I have been working at the Drug Policy Alliance for the last 16 years and I have never seen a week like this. It is hard to keep up with all of the big stories about the disastrous war on drugs and the growing effort to end it. Here is a compilation from the incredible week.
According to a new Gallup poll released today, a majority of Americans continue to say marijuana use should be legal in the United States, with 58 percent in support. In 2012, Colorado and Washington took the historic step of legalizing marijuana. Alaska, Oregon and Washington D.C. voted to legalize marijuana in 2014 and other states are likely to follow in the coming years.
From the front page of today’s New York Times: “More than 130 police chiefs, prosecutors and sheriffs — including some of the most prominent law enforcement officials in the country — are adding their clout to the movement to reduce the nation’s incarceration rate.”
This week, Canada voted in Justin Trudeau’s Liberal Party, which will have outstanding implications for drug policy reform there. The Liberal Party has promised to legalize and regulate marijuana in Canada and Trudeau has expressed support for harm reduction and the expansion of supervised injection sites across the country.
On Monday, a federal judge in San Francisco ruled that federal drug law enforcers are forbidden to shut down medical marijuana dispensaries that comply with state law. The decision by U.S. District Judge Charles Breyer is the first-known ruling by a federal judge to protect marijuana dispensaries under a budget amendment approved by Congress in December 2014.
The UN Office on Drugs and Crime (UNODC) appeared set to call on governments to end the criminalization of drug use and possession, according to DPA Honorary Board Member Richard Branson -- but in a dramatic turn of events withdrew its briefing paper under pressure, according to the BBC.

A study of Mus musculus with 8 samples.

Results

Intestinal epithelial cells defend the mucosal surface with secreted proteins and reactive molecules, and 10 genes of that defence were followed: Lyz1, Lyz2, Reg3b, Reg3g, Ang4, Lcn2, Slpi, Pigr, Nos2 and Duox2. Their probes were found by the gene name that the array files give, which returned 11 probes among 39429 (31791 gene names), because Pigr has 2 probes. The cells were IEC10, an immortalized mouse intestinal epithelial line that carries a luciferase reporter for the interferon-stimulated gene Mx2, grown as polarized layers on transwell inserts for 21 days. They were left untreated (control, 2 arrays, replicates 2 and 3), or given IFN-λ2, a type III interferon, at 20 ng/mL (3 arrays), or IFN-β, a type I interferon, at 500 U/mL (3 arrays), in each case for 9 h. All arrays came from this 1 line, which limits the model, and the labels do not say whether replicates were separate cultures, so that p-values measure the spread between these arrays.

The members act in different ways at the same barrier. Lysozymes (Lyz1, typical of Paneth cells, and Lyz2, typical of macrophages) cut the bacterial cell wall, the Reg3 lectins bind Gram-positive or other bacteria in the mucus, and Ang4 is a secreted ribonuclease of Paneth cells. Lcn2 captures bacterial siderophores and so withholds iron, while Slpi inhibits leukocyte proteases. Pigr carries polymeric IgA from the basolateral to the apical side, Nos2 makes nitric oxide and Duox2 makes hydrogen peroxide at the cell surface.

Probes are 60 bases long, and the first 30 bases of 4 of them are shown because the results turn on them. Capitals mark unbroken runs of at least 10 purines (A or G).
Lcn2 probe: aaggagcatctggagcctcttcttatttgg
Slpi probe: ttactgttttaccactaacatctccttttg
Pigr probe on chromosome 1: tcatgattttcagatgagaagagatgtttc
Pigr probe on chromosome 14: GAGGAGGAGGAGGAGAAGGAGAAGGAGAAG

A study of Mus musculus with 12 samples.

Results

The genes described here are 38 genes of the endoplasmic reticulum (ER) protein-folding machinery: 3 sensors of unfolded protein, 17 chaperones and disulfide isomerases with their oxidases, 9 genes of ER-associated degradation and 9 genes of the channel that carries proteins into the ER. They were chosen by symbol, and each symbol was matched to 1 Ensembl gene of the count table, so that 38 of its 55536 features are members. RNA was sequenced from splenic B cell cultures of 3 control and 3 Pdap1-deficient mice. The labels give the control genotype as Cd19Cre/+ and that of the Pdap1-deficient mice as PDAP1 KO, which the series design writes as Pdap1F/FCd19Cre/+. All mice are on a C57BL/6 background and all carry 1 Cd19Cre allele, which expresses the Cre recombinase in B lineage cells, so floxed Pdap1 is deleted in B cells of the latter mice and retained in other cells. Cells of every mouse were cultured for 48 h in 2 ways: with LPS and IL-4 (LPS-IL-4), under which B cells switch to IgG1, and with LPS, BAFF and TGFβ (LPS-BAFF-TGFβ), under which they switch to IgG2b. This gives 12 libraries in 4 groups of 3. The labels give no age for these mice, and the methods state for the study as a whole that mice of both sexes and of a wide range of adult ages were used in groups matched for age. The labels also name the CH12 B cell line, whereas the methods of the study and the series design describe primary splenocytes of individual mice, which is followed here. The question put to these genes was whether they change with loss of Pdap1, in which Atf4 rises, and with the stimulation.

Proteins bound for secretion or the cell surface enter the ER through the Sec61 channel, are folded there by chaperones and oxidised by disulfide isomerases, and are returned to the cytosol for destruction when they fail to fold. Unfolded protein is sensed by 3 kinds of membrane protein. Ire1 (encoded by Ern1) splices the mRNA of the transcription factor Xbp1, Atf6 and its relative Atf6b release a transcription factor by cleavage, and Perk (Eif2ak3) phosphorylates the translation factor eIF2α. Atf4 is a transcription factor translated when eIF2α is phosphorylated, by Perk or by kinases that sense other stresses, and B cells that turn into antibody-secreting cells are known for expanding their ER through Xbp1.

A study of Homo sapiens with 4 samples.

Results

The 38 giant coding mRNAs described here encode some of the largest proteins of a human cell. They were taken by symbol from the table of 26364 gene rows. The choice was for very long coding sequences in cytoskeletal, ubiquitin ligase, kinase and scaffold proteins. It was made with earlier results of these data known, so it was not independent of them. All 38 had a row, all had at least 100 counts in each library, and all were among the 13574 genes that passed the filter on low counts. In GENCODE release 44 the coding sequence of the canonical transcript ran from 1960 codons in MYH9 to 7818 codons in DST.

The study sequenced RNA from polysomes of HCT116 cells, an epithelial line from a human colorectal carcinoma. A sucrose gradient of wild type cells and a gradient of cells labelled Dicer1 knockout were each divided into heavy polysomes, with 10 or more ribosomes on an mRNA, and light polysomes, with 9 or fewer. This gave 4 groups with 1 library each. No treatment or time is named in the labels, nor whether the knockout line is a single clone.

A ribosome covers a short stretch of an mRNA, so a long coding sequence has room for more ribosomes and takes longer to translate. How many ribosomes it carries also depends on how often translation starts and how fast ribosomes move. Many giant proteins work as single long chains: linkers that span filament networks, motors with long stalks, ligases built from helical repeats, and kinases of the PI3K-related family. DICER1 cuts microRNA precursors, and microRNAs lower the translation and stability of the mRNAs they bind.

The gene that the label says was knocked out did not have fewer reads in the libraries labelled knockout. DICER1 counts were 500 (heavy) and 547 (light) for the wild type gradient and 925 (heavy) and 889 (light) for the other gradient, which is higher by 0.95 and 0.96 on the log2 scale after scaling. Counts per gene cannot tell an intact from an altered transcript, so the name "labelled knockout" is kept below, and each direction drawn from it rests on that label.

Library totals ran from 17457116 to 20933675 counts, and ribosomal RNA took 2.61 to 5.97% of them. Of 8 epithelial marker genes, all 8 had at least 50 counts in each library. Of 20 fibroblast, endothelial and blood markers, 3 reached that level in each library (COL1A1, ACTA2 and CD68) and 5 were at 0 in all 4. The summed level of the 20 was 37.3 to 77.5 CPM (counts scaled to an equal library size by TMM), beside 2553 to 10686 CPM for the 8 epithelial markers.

It's encouraging that such a powerful statement about the need to decriminalize drug use and possession made it this far in the UN process. Hopefully the UNODC will eventually move forward and release this document and stand by their call to decriminalizing drug use.
President Obama renewed his push for criminal justice reform on Saturday, when he announced a nationwide tour in the coming weeks fix our criminal justice system.
"Much of our criminal justice system remains unfair," Mr. Obama said. "Over the last few decades, we've also locked up more non-violent offenders than ever before, for longer than ever before. That's the real reason our prison population is so high."
This incredible week comes on the heels of other major news earlier this month. A few weeks ago, it was announced that 6,000 federal prisoners will be released from federal prison starting in November. The day before, nearly 100 celebrities called for reform to the criminal justice system.
We are at a paradoxical moment in our country. We are clearly moving in the right direction, toward a more rational drug policy based on science, compassion, health and human rights.
But we need to step up our efforts, grow our numbers, and continue to win hearts and minds because the casualties from the war continue to mount every day.